All is quiet at the Foreigners Registration Office. No one more interesting than the odd sambar deer is expected to wander up and have its travel documents peered at for signs of suspicious behaviour.
In fact, sambar deer are not infrequent border-hoppers from India. The Punjab Wildlife Department recently caught its fifth sambar attempting to enter the country. It was packed off to the breeding centre at Jallo Park, just outside Lahore.
The director of the Punjab Wildlife Department has said there was a strict no-return policy on animals that had crossed the border. "With the exception of humans, anything which crosses the border becomes Pakistan’s property," he was quoted as saying.
A fine stag sambar was caught near Ganda Singh Headworks more than ten years ago, followed by a doe from Bajwat near Sialkot, seven years later. Sambar deer are nearly extinct in Pakistan, and are generally found in the Indian Punjab forests between the Ravi and Sutlej rivers.
This winter, heavy snows in Kashmir appear to have encouraged the sambar population to consider alternative board and lodging. More recently, a pair of sambar crossed over last August and proceeded to mark their territory quite clearly by giving birth at Jallo Park soon after.
Several enormous balls of legal string later, and following the Supreme Court’s ruling that had banned dangerous kite-flying, the Punjab government has decided to celebrate Basant on 25 February after all.
The provincial government recently promulgated an ordinance amending the earlier Punjab Prohibition of Dangerous Kite Flying Activities Ordinance, 2001. This gives Lahore’s string-tuggers a 15 day window in which to fly their kites and carouse for a good cause.
The amended law requires people whose premises or roofs are being used to seek prior approval from their Union Council mayor. There is a hefty fine and six-month jail sentence for people caught with their kites up. It is not quite as simple as all this, however.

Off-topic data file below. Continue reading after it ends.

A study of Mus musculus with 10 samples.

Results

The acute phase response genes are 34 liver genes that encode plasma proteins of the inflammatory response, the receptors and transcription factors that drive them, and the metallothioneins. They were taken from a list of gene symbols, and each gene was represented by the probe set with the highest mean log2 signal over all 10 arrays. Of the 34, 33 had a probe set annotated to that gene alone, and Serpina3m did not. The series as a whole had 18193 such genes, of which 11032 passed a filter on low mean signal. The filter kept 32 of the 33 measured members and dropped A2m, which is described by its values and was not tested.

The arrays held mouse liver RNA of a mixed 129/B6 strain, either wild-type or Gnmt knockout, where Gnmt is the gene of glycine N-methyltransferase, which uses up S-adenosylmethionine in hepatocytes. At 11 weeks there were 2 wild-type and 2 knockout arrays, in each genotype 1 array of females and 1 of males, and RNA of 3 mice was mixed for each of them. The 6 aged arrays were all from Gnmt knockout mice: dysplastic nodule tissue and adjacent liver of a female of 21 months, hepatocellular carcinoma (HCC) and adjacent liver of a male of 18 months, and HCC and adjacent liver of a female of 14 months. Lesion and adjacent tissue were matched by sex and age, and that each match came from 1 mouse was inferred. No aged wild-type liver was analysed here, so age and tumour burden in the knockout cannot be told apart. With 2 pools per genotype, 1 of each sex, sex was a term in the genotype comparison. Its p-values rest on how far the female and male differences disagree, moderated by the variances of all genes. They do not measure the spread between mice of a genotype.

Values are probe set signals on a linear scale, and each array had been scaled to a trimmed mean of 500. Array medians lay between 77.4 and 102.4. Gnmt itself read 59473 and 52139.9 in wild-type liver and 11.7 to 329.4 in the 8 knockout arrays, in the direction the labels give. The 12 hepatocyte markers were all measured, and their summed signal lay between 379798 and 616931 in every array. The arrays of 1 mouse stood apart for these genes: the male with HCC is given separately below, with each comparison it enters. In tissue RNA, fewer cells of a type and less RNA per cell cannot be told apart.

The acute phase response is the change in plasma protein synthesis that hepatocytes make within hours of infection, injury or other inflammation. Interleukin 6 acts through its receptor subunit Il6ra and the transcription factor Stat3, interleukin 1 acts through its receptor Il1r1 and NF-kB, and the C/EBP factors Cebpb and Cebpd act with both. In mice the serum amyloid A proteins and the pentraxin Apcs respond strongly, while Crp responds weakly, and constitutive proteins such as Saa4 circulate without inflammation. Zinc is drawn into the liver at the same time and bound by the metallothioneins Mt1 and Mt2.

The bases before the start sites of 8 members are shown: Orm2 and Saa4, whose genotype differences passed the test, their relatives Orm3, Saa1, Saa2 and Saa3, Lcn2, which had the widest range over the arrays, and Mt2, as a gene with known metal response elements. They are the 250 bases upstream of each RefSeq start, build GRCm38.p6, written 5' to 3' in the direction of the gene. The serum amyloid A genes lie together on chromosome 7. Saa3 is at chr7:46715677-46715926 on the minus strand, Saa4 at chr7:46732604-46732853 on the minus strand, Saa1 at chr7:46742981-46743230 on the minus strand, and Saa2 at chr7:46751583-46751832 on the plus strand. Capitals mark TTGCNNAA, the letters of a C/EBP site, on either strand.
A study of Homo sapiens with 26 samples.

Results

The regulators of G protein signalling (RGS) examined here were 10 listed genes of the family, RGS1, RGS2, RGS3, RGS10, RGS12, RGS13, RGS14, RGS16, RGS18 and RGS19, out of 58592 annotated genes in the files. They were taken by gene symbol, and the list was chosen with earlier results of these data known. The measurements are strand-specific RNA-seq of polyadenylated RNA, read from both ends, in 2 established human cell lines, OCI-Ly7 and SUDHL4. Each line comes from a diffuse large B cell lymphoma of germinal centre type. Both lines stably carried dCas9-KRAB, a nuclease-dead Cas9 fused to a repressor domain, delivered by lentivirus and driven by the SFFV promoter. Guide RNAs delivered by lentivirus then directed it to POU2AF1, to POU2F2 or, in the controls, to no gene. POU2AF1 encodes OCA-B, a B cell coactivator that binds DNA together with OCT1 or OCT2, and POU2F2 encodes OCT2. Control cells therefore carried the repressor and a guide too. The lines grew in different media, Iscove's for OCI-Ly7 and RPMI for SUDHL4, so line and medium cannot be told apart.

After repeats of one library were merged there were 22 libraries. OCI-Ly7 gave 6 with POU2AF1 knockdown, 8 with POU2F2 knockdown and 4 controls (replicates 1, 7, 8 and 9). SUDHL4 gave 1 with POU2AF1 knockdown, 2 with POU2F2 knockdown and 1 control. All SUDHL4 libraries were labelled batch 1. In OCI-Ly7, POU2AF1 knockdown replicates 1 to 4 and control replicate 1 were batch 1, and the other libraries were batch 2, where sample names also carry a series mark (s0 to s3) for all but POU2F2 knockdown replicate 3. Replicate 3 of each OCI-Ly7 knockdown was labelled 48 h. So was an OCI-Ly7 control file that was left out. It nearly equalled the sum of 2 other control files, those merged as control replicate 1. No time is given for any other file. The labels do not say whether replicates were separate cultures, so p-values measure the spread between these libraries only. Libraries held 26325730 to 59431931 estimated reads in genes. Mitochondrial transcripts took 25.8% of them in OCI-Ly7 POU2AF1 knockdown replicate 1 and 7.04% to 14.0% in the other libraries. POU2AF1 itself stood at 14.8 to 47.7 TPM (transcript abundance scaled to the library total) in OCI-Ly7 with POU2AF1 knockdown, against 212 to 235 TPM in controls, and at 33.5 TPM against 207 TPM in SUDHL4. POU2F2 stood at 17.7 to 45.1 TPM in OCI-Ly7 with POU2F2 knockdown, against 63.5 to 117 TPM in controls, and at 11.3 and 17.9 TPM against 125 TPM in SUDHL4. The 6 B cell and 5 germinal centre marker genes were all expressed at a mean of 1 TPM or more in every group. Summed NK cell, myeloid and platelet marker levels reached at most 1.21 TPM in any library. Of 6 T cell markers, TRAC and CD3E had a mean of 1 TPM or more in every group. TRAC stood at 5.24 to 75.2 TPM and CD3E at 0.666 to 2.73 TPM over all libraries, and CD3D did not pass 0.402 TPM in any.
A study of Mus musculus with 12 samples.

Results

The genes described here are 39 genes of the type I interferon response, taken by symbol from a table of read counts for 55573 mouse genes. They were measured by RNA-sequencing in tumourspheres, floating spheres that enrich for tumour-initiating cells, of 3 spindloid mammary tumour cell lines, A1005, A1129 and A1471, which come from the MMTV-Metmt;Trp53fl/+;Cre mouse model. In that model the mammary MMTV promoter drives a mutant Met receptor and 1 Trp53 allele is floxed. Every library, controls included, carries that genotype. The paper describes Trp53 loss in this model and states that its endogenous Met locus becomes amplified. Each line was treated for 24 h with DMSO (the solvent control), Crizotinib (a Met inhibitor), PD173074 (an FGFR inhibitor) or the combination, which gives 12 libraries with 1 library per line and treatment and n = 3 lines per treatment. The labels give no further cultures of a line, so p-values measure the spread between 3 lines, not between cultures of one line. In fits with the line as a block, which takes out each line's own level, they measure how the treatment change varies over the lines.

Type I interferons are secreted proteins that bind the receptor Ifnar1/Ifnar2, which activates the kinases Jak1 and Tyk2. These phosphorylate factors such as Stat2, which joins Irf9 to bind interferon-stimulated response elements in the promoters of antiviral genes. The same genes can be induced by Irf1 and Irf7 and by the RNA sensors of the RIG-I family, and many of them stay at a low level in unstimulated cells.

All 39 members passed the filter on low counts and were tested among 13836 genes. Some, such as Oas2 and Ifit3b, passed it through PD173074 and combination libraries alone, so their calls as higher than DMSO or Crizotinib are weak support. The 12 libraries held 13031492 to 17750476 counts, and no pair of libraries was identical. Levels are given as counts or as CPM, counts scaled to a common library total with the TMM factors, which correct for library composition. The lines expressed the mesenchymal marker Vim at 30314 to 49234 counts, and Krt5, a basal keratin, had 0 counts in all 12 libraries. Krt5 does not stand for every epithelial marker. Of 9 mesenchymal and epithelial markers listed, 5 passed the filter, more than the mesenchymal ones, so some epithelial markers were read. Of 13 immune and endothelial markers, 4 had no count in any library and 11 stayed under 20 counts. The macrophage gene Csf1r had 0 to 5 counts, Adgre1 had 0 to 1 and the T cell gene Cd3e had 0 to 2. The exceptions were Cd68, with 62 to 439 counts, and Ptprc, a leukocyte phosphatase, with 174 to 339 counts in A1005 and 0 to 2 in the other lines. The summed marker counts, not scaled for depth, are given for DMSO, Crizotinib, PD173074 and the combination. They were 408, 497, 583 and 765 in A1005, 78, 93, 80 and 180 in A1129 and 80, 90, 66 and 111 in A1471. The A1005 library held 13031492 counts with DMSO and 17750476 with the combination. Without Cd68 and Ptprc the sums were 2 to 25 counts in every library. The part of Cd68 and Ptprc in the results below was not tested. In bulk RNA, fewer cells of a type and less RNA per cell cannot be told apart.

Guddi-baazi, rather like wars on terror, is a villainous sort of sport—an underhanded affair involving distressing amounts of metallic wire, sharp bits of plastic, and murderous concoctions of powdered glass that are used to coat kite-string.
It is not quite cricket, so to speak, and winning really is everything. As a result, the game had moved well beyond a couple of nasty cuts, and was beginning to resemble scenes from the Bastille until the apex courts took suo moto action and firmly banned all kite-flying in 2005.
The Punjab government "banned" Basant itself last year, although making informal efforts to preserve the less bloody aspects of an otherwise vastly enjoyable season.
Theatre is inevitably upstaged, as it were, by television. Both drama and cinema in the Subcontinent have traditionally focused on performance over script, and in Pakistan, there are few playwrights who write specifically, much less exclusively, for stage performance.
Fortunately, the International Playwrights Forum is now attempting to bring together Pakistani and international dramatists and catalyse future partnerships through translations, publications, productions, and collaborative playwriting.
Indian actor-dramatist Girish Karnad, who was in Lahore recently, traces one of the subcontinent’s first dramatic performances to the Indus Valley.
He was speaking at a seminar organised by the University of the Punjab, and was accompanied by academic GP Deshpande and the Marathi playwright Mahesh Elkunchwar, none of whom need much introduction in theatre circles here.
Introduced by the redoubtable Professor Shaista Sirajuddin, head of the university’s English Department, the seminar included readings from, and performances and critiques of, Karnad’s work.